The superbly appointed Bunclody Golf and Fishing Club will host the 109th Irish PGA Championship from August 19-22.
Tournament week will begin with a Pro-Am on August 19th followed by the three-day 54-hole Irish PGA Championship. A cut will be made after 36 holes with the leading competitors battling it out over the final 18 on August 22nd.
PGA in Ireland Tournament Director, Yvonne Cassidy said; “I believe that Bunclody Golf & Fishing Club will provide a real challenge for the players.
“Designer Jeff Howes has cleverly incorporated the natural undulating terrain to produce what is, in my opinion, one of the strongest finishes to any parkland course in the country.
“It asks everything from the modern player, demanding resolve and determination. It entices competitors to be unwavering in their ability to be audacious in their play, especially over the closing holes. It encourages the very best from players and yet at the same time urges and promotes restraint.
“All this, along with the most beautifully manicured fairways, strategically positioned bunkers and greens that will pressure the most confident of putting strokes. I am confident it will produce a worthy champion and we are looking forward to working closely with the staff at Bunclody to successfully stage the 109th PGA Irish Championship.”
Bunclody, which opened in 2009, is situated in 300 acres of breathtaking parkland in the shadow of Mount Leinster in Co Wexford. The course, which measures over 7,000 yards, has quickly gained a reputation as one of Ireland's foremost parkland venues.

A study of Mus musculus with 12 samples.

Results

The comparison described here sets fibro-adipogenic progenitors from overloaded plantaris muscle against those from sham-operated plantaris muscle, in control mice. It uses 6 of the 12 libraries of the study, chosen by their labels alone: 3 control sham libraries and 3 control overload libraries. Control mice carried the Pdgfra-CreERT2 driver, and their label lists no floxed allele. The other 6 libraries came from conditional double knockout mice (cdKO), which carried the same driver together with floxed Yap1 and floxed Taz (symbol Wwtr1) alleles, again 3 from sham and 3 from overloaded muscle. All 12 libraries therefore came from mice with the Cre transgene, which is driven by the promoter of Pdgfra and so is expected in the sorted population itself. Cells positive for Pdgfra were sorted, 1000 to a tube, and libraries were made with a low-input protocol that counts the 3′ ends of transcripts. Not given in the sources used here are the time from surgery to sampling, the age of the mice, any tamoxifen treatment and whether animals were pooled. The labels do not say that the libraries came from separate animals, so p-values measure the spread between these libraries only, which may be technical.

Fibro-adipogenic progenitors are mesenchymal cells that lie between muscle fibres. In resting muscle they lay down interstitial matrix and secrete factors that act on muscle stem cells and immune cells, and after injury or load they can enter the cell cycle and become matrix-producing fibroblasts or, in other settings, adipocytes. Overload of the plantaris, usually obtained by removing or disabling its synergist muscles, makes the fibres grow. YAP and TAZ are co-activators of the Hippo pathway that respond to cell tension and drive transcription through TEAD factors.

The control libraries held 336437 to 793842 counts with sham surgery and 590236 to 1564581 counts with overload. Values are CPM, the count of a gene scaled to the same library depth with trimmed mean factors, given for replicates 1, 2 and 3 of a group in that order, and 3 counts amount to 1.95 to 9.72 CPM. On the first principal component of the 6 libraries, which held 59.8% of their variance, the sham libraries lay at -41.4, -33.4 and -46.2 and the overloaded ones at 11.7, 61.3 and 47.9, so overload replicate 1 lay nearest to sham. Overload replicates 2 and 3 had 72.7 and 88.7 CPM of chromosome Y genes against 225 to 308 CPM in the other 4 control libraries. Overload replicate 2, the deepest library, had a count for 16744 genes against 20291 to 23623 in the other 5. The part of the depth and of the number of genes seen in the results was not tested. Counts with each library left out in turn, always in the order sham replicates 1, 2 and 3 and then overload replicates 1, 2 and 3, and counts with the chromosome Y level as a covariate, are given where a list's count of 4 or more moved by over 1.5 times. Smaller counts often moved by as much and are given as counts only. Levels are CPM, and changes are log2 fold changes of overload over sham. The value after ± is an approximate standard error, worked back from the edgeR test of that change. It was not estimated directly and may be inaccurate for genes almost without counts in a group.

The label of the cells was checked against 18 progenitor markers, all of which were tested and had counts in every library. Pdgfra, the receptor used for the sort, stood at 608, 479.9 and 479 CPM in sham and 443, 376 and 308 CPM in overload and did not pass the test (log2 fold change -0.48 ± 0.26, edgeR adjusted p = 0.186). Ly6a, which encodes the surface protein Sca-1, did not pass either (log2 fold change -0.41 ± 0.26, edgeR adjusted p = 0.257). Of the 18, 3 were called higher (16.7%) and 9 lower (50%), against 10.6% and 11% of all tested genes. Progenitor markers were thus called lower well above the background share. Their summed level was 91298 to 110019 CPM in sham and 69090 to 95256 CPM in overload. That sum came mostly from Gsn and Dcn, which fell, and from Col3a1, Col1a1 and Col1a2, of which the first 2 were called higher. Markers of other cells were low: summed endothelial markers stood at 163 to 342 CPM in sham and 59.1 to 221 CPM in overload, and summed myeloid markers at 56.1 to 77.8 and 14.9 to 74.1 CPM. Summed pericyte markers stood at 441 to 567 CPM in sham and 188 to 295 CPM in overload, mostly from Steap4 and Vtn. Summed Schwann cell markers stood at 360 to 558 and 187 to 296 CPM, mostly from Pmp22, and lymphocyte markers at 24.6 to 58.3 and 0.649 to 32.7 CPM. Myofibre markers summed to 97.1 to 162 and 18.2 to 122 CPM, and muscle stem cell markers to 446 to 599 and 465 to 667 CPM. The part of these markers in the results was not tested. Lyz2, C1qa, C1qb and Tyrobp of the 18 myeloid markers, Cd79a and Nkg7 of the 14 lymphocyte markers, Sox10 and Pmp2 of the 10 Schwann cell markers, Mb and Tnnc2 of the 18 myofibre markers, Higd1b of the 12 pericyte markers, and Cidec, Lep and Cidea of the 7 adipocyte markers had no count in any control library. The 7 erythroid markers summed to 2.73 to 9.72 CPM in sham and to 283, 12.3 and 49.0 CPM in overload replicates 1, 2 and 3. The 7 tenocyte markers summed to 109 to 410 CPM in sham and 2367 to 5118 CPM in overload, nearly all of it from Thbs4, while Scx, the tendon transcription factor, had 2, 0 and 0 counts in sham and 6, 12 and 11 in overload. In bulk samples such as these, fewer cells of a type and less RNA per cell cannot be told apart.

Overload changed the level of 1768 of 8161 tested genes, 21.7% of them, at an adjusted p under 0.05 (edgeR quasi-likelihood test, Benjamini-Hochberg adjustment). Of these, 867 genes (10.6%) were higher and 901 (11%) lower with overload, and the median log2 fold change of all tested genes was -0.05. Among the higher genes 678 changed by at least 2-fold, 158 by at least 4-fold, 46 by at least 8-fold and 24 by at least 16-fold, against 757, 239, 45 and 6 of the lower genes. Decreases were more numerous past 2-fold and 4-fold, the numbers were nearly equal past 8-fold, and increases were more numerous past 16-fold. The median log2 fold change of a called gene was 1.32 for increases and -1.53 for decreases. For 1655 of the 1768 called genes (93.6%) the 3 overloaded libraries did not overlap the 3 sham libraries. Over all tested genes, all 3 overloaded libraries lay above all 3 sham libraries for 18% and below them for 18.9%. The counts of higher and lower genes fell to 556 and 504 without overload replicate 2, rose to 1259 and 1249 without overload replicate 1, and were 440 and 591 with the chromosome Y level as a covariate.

Under course superintendent Mark Byrne, there has been long-term investment in new machinery while recent work has centred on improving the quality of the bunkers.
“We are delighted that the 109th PGA Championship will be be held at Bunclody Golf & Fishing Club in August. It promises to be a superb event,” said Nick Byrne, Director of Bunclody GFC.
“We have hosted many big events in recent years, including the Irish Senior Ladies Close Championship in 2017.”
The Irish PGA Championship remains one of the world's oldest professional tournaments, dating back to 1907. A veritable who's-who of legendary Irish golfing figures have lifted the trophy including the likes of Christy O'Connor, Harry Bradshaw, Des Smyth and a pair of Ryder Cup captains, Paul McGinley and Padraig Harrington.
Last year, Simon Thornton (Tulfarris Golf Resort) prevailed to win his second Irish PGA Championship title at a wet and windy Galway Bay Resort. The Newcastle, Co Down based golfer held off Banbridge Golf Club professional, Richard Kilpatrick to win by a shot.